Saft Pulling Advances From Other Fields to Accelerate Space Battery Development

Saft satellite battery

Saft satellite battery. Photo: Saft

[Via Satellite 03-31-2014] Battery technology company Saft is looking to discoveries across multiple industries in order to improve the relatively slow pace of development for space-specific batteries. For satellites, batteries take seven to 10 years of testing before ever being used. This lengthy test time can stifle creativity, which is why Saft has developed a dual focus on preventing obsolescence and spurring on new improvement by pooling research and development discoveries from various initiatives.

“In space, the design changes are executed over many years with a big generation change; whereas the consumer world practically changes 10 times a day,” explained Annie Sennet, general manager of Saft’s space and defense division. “Terrestrial batteries for tanks or even missiles change every one or two years. In space it has to be a bigger increment, so we have to stay with older materials for a longer period of time.”

Saft invests a significant amount of the company’s resources on research and development. According to Sennet, demands from agencies like the Defense Advanced Research Projects Agency (DARPA) and military research labs provide a lot of the new goals. Part of Saft’s research, however, is targeted toward trends that are apparent in the satellite industry today, including smaller satellites and longer lifespans.

 

“Customers want lighter power solutions, and Lithium-ion is about less than half the weight of the old Nickel-Hydrogen technology,” said Sennet. “There is nowhere else on the satellite that you can remove that much mass by altering one technology.”

According to Sennet, keeping an eye on satellite evolution is a must for a company whose products require years of development and testing. Saft has designed its batteries to last for satellite lifespans of 18 years, should they grow beyond the typical 15 years for geosynchronous satellites. As satellites get smaller, Saft is working on designing new technology to match the needs of a growing section of the satellite market.

“To be efficient, to meet requirements and to be cost effective, we produce a certain cell size that is adequate for [GEO] applications,” said Kamen Nechev, CTO at Saft. “However when we go to small satellites, we can’t address those needs with the same standard space cells … we have a couple of products now for space that are in a much smaller cell format. These are specifically targeting some of these LEO or micro-sats that cannot use a large standard space cell that Saft manufactures.”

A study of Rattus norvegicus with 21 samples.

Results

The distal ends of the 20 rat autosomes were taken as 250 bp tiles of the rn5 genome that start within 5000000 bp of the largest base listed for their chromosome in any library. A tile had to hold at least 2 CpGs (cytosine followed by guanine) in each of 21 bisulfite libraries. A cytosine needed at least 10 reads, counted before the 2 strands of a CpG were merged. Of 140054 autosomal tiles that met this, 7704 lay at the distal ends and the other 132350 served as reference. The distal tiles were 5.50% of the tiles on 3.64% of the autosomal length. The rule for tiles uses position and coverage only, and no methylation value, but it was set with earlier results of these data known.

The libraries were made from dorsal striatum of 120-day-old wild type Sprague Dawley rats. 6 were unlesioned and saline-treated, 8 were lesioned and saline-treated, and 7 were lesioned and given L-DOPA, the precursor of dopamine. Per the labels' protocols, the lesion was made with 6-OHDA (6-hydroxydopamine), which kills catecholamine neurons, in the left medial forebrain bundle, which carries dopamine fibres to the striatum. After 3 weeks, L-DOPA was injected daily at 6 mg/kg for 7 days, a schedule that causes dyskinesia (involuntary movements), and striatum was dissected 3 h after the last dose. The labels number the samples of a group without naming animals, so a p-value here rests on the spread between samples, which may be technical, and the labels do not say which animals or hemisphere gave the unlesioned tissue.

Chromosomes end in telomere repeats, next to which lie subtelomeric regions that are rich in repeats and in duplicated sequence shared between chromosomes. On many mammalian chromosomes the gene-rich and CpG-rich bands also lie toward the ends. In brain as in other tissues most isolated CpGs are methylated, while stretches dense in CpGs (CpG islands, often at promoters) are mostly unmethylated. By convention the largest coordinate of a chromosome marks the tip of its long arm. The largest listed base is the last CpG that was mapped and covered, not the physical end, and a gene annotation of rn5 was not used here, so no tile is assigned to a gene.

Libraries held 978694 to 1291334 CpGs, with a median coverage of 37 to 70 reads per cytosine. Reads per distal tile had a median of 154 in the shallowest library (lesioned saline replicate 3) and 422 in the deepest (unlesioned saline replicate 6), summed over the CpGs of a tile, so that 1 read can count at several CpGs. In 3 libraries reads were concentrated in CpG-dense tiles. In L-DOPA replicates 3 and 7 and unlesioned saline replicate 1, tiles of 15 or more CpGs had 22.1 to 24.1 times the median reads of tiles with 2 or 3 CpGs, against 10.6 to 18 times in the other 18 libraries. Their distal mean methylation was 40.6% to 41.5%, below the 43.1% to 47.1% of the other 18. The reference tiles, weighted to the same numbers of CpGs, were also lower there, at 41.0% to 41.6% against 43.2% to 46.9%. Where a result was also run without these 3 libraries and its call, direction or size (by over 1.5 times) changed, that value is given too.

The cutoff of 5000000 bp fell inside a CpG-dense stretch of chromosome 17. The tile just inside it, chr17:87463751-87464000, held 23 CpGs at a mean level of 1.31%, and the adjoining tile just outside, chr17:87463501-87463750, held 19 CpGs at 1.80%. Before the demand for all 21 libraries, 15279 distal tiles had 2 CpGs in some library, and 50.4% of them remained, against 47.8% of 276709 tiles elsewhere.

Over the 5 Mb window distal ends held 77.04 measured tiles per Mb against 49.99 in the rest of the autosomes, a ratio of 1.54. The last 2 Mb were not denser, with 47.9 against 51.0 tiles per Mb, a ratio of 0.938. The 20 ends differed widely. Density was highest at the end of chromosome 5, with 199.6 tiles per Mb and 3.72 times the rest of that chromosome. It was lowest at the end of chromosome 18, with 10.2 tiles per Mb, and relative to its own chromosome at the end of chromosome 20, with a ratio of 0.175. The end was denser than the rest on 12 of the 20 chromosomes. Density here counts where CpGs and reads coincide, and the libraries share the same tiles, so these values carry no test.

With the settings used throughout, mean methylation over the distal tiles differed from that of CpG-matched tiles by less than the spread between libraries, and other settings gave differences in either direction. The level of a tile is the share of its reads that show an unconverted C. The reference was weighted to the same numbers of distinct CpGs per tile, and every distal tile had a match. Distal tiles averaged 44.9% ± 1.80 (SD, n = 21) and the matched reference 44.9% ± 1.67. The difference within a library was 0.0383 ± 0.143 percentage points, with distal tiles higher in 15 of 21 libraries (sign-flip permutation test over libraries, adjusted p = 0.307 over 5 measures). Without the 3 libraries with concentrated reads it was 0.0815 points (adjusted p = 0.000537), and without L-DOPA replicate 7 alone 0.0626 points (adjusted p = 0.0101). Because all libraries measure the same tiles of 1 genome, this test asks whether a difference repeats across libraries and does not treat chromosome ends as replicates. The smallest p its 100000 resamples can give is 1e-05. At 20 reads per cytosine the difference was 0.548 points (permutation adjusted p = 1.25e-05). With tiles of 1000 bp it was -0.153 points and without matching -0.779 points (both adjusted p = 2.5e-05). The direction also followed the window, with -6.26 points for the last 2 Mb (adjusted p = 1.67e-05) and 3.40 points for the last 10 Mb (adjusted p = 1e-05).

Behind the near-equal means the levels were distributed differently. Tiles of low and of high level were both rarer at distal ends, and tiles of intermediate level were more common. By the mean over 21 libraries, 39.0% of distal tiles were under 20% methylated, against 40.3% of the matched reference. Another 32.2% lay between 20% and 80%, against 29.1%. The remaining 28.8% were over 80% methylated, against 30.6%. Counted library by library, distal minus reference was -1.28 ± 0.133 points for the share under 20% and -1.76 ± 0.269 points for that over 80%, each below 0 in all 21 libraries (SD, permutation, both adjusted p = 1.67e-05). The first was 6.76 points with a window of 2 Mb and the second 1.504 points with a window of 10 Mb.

More than 70 percent of Saft’s research and development investment is in Lithium-ion batteries, which, at their core, are not far removed from the batteries that power cell phones. Lithium-ion is 98 to 100 percent efficient in terms of charge, eliminating the need to build in extra power. This was previously done by oversizing solar arrays to compensate for the weaknesses of Nickel-Hydrogen, which are now mostly phased out. Because space-batteries are a small application — compared to the millions in consumer devices — programs from space agencies as well as military branches provide much of the direction. Saft has found ways to conflate the needs of multiple programs to speed up the pace of satellite battery technology.

What happens often is the defense community has needs that are very aggressive and special … all of these performance parameters, when we achieve them under a defense program, they actually play very nicely in space,” explained Nechev. “For instance, developing a battery that has very high charge acceptance for a military vehicle has immediate applicability to improving cycle life for a space product. A battery developed for the Navy with increased specific energy, again immediately has an impact on improving specific energy on a space product.”

Batteries for cars and tanks are made on the same equipment as those used in space. A unique case of overlap comes from Saft’s directed energy studies. Batteries used in launches for stage separations need to provide very high power for a brief period of time. Since they do not need to cycle very much, they can be used to power lasers for disconnecting rocket sections. As always, these batteries require a significant amount of testing, but have been found useful for new applications.

“We have never had a failure in orbit,” said Sennet. “That is paramount for us … right now we are modernizing our design to use more current electrochemical materials, and to offer more current industrial practices so that the batteries can be made in a more efficient way.”